Watters: Dems, media in 'full meltdown mode' over Barr being held in contempt of CongressMay 10, 2019
Constitutional ‘crisis’? Democrats and the media parrot talking points on subpoena fight
President Trump’s critics are in meltdown mode after the House Judiciary Committee vote to hold Attorney General William Barr in contempt; reaction and analysis on ‘The Five.’
Jesse Watters pointed to several members of the media and the Democratic Party he said were going into "meltdown mode" over Attorney General William Barr's refusal to turn over the full and unredacted Mueller report to Congress.
The House Judiciary Committee voted Wednesday to hold Barr in contempt of Congress.
"So now, Democrats and the media are debuting a coordinated talking point to describe it – talk about collusion," Watters said.
Watters said that several figures all used the phrase "constitutional crisis" to describe the White House's refusal to date.
House Judiciary Committe Chairman Jerrold Nadler, D-N.Y., CNN White House correspondent Jim Acosta, CNN prime-time host Don Lemon and Rep. Sheila Jackson Lee, D-Texas, all uttered the phrase in Watters' montage.
House Intelligence Committee Chairman Adam Schiff, D-Calif., also responded in the affirmative when CNN host Anderson Cooper asked him whether he agreed with Nadler that America is experiencing a "constitutional crisis."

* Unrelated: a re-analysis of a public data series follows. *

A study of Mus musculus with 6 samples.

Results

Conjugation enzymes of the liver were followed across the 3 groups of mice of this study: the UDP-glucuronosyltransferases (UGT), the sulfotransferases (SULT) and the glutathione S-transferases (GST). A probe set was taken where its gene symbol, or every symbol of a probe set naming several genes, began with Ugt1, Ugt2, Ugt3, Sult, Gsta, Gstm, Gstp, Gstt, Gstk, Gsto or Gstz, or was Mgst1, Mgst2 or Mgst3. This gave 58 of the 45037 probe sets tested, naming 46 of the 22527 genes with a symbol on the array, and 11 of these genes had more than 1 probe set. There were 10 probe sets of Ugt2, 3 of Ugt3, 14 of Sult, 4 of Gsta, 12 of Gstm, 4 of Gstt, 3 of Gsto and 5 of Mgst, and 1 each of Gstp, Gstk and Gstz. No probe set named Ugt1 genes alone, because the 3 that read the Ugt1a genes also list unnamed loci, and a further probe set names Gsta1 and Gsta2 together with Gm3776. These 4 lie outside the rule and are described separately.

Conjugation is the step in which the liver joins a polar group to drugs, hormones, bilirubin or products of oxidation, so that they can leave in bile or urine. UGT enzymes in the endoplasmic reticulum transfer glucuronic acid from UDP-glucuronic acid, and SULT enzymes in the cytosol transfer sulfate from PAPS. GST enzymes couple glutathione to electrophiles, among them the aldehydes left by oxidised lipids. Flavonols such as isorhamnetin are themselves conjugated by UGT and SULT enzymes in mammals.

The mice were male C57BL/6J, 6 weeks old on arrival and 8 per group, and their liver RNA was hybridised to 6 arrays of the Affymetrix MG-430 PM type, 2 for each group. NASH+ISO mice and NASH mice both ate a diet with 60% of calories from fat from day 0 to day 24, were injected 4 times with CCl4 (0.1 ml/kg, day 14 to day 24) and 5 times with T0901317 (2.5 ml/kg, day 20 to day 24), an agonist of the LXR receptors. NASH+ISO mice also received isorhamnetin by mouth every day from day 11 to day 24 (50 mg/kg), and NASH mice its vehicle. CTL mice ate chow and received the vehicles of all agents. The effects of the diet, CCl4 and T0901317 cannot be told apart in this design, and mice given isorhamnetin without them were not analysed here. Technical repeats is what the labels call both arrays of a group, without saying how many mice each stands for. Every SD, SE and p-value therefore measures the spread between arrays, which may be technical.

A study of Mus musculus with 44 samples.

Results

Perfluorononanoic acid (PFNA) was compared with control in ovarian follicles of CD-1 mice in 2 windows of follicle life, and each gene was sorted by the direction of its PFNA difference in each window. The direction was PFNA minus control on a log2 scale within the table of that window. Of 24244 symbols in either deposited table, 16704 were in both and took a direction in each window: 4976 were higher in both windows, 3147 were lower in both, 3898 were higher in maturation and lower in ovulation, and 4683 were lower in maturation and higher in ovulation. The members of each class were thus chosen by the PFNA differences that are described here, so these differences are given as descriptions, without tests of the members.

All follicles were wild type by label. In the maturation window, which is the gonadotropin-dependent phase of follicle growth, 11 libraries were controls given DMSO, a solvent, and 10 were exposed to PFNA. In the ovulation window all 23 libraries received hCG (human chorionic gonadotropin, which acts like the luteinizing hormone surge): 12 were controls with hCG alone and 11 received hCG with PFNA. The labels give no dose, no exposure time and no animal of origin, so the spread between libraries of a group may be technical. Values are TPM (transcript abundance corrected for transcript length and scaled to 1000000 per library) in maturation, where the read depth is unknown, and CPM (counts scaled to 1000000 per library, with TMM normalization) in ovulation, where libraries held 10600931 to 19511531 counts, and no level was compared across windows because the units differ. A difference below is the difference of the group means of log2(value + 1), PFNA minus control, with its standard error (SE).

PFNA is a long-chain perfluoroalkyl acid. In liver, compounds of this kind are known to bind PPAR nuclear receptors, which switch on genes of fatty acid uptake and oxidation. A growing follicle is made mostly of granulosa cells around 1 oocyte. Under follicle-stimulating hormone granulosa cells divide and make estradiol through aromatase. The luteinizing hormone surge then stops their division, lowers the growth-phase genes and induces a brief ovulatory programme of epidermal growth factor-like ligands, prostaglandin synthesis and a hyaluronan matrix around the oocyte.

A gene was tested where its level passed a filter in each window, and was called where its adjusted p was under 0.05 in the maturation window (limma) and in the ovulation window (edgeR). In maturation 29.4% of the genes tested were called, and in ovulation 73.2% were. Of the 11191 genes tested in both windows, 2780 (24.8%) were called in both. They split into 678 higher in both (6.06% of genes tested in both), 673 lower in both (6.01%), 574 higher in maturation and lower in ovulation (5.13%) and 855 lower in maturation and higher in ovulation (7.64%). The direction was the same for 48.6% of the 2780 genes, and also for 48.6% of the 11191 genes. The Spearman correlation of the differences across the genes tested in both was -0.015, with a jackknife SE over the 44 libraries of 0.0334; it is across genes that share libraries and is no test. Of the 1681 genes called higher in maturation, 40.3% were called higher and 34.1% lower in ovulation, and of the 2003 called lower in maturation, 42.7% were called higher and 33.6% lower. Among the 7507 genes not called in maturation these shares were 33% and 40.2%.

"That's what they're saying now. But, back in 2012, Democrats and the media were singing a much different tune," Watters said.
He said that some Democrats walked out of a vote to hold then-Attorney General Eric Holder in contempt, in connection with the so-called "Fast and Furious" scandal.
Current House Speaker Nancy Pelosi, D-Calif., ripped the Holder proceedings at the time, and fellow Democratic Rep. Elijah Cummings of Maryland blasted Republicans, saying they "seem almost giddy about this vote."
Cummings went on to call the situation in 2012 an "election-year witch hunt."
"Let's take a trip down Memory Lane," Watters said, listing past presidents from both parties who have had their administrations subject to similar proceedings.
He mentioned the George W. Bush administration, in which White House Counsel Harriet Miers and Chief of Staff Joshua Bolten were held in contempt in 2007 over the alleged politicization of some U.S. attorneys.